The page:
I am a big fan of C.S. Lewis (C for Clive, S for Staples). When I read his books I tend to get the feeling that they were written for me personally. I suspect they were not, but I can’t prove that. When my wife and I were thinking of names for our latest child, I tried to convince her that Clive Staples Throneburg was very sophisticated and commanded respect. She then commanded me to be quiet.
I have recently been reading Lewis’ “Screwtape Letters.” The book is a collection of letters written by a high-ranking demon to an underling. The underling has been assigned to a human and is working diligently to bring him into the Devil’s fold. The letters reveal the strategies and tactics he employs to complete his assignment. It’s a unique, and at times, amusing look at the struggle for our souls.
The thing that strikes me over and over as I read the book is its relevance in our modern time. At one point Lewis even comments on the media and the way they can distract and distort. He wrote the book 70 years ago! In one chapter the human subject finds a girlfriend, which we all know is an experience that can be soul-changing, for better or for worse. The demons discuss whether this is a positive development for them or a setback to their efforts. They conclude the new relationship is indeed a setback in part because the girl comes from a home “where there is only life and therefore all that is not music is silence.” The head demon, Screwtape, speaks to the dangers of such a home and goes on to promote the various benefits of noise to their diabolical cause.
It is here I should mention that I can be susceptible to rash decisions based on perceived epiphanies. For example, I donated to Jon Huntsman’s campaign this year after hearing him give a rational and reasonable speech to his supporters, and back in college I immediately asked a girl out after finding out she had watched the NHL Draft. I should sleep on things sometimes.
I read that chapter with the house of music and silence and immediately told my wife we should get rid of our television. We discussed it and decided to keep it, but with closer monitoring of how frequently we watch it. I agreed to this, largely because I secretly enjoy Chuggington and Doc McStuffins on the Disney channel, and because those shows keep my son entertained long enough for me to take a shower in the morning.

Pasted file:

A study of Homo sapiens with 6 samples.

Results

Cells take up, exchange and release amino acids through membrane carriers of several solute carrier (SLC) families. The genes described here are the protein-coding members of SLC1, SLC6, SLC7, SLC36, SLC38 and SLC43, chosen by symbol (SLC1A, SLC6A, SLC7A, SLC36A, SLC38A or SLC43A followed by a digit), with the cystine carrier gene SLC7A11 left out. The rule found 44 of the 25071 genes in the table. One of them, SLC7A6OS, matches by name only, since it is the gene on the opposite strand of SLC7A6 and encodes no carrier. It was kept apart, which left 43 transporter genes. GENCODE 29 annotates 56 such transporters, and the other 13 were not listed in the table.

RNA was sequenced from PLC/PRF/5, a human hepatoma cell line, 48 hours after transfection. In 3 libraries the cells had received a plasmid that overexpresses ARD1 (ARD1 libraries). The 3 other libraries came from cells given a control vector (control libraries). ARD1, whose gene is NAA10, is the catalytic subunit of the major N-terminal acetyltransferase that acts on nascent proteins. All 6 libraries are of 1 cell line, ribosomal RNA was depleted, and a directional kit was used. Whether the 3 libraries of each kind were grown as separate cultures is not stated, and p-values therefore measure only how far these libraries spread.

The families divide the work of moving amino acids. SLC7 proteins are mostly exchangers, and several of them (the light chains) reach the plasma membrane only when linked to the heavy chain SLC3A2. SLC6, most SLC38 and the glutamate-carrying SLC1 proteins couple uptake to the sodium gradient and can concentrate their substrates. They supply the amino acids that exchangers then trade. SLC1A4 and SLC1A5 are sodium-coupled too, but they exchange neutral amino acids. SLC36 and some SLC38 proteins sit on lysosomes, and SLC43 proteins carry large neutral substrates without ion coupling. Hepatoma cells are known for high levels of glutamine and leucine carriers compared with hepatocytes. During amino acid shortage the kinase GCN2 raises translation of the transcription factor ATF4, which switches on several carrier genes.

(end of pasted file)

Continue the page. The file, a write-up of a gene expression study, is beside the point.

I think about Lewis’ quote often. We turn on some Gungor or Rend Collective Experiment in the morning at our house while we eat breakfast now, and spend less of our evenings watching talking heads, laugh-track driven sitcoms, and (gulp) sports. It’s not that talking heads, sitcoms or basketball games are inherently bad, but they are mostly just noise ... and noise distracts.
The real question, then, is what am I being distracted from. What are the things I should be doing or experiencing that have been neglected while the noise has kept my attention? My answers would be different from someone else’s answers, but the point is that there is an answer to begin with.
Lewis describes a home “where there is only life and therefore all that is not music is silence.” Sounds like a nice place to live, so the next time you come to my house you really only have two choices: Sing or shut it.
Marcus Throneburg resides in Sheffield. He can be reached at firstname.lastname@example.org.